Oral supplementation of lutein/zeaxanthin and omega-3 long chain polyunsaturated fatty acids in persons aged 60 years or older, with or without AMD.Invest Ophthalmol Vis Sci. 2008 Sep; 49(9):3864-9.IO
Increased dietary intake of lutein/zeaxanthin and omega-long-chain polyunsaturated fatty acids (omega-3 LCPUFA) was found to be associated with reduced risk of advanced age-related macular degeneration (AMD). The purpose of the study was to examine the effect of oral supplementation of omega-3 LCPUFA on changes in serum levels of lutein/zeaxanthin during supplementation in persons 60 years of age and older, with or without AMD.
Forty participants with AMD of various degrees of severity received lutein (10 mg) and zeaxanthin (2 mg) daily and were equally randomized to receive omega-3 LCPUFA (350 mg docosahexaenoic acid [DHA] and 650 mg eicosapentaenoic acid [EPA]) or placebo for 6 months. Serum levels of lutein, zeaxanthin, and omega-3 LCPUFAs and macular pigment optical densities were measured at baseline, 1 week, and 1, 3, 6, and 9 months.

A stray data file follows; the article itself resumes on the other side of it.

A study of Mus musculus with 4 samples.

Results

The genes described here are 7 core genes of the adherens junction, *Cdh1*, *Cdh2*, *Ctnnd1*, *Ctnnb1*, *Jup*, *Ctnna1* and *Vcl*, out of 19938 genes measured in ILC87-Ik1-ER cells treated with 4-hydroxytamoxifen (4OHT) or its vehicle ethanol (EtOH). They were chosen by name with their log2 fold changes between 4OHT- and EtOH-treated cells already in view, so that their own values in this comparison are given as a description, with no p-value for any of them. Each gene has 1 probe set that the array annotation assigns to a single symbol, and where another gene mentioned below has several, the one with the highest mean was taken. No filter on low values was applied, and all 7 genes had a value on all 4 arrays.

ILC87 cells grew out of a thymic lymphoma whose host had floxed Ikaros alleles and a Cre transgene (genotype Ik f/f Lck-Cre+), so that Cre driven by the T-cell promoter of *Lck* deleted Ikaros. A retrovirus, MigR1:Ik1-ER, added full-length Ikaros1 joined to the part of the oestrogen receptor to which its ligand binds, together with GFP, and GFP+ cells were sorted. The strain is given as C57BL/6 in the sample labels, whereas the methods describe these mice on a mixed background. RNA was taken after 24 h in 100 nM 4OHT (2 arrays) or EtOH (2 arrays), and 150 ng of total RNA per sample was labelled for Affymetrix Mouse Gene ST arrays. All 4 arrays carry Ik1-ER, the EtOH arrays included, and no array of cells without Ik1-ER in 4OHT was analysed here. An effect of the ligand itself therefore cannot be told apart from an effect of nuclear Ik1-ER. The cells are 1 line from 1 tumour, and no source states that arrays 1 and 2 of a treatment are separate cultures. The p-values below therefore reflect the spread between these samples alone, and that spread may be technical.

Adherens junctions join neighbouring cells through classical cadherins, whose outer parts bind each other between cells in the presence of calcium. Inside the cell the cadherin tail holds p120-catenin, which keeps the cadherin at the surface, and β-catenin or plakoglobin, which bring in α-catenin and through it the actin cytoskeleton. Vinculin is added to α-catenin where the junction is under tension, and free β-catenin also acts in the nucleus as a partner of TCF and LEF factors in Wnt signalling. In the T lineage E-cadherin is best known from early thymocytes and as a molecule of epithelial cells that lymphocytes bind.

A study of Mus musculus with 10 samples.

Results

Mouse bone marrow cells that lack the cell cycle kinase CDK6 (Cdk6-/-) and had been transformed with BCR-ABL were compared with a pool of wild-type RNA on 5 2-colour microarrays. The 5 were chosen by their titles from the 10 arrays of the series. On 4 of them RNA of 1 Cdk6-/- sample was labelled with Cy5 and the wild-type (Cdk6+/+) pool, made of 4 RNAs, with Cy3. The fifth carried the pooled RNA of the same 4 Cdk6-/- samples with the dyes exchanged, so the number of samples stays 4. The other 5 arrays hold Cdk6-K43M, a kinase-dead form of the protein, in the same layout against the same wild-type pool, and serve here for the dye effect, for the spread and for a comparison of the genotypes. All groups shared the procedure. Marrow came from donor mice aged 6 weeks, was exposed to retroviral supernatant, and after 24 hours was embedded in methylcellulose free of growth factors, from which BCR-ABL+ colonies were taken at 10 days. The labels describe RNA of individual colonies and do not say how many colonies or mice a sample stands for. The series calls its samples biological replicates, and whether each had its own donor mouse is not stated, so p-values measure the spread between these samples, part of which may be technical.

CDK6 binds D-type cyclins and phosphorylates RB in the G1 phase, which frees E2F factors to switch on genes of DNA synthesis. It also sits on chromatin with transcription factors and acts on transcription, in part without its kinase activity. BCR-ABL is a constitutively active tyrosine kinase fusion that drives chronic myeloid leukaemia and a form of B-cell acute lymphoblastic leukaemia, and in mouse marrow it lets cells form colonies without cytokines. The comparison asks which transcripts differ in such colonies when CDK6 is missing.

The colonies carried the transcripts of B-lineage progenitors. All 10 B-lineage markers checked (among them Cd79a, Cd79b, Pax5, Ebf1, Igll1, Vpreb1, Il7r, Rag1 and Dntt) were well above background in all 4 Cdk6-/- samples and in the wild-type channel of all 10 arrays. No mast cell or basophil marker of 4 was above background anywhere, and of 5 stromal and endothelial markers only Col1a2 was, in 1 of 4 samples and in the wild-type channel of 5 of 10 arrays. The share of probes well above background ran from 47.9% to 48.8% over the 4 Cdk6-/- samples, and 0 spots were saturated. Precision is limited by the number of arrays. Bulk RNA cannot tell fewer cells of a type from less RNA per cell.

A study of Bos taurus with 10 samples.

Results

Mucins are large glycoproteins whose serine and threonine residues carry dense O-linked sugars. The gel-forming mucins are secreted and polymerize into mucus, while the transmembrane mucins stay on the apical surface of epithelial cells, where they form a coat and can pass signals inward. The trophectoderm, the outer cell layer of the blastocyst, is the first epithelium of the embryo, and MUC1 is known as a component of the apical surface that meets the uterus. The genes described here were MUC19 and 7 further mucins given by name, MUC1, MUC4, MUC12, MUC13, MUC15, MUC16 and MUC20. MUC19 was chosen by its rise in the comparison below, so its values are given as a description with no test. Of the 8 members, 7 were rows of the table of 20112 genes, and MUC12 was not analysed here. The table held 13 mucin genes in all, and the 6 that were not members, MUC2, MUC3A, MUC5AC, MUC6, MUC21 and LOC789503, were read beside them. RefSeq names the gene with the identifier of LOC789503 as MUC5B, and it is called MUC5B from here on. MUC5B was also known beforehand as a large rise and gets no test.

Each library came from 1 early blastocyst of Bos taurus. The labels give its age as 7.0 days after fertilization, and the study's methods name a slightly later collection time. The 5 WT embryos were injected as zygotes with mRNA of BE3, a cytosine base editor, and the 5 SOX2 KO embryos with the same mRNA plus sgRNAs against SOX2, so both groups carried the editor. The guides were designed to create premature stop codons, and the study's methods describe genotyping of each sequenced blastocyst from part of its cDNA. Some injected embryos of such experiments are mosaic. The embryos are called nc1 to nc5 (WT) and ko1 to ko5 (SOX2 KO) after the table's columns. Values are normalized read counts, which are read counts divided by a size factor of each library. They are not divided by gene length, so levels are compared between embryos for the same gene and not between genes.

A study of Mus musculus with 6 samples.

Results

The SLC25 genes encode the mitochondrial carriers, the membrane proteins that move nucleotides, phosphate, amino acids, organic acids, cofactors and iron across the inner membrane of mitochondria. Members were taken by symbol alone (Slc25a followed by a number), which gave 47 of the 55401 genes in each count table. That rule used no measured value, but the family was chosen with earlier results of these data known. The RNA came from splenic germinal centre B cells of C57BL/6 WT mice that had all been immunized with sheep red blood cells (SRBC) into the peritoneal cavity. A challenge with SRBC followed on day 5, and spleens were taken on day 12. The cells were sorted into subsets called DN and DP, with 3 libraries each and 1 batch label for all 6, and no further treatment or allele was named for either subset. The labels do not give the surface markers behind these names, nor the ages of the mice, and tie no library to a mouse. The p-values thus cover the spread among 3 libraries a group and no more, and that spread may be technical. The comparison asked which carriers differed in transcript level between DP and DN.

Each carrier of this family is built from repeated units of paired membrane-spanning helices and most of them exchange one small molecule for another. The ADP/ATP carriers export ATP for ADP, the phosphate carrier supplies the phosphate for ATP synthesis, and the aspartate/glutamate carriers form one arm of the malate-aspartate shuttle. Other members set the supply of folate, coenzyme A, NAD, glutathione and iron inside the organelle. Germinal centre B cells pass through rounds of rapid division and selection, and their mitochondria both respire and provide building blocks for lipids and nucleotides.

By month 6, the median serum levels of lutein/zeaxanthin increased by two- to threefold compared with baseline. Increases in serum levels of lutein/zeaxanthin did not differ by omega-3 LCPUFA treatment (P > 0.5). After 1 month, in the omega-3 LCPUFA-treated group, the median levels of DHA and EPA increased and the placebo group had no changes. At month 6, participants with AMD had a lower increase in serum lutein concentration than did those without AMD (P < 0.05).
The addition of omega-3 LCPUFA to oral supplementation of lutein/zeaxanthin did not change the serum levels of lutein and zeaxanthin. A long-term large clinical trial is necessary to investigate the benefits and adverse effects of these factors for the treatment of AMD.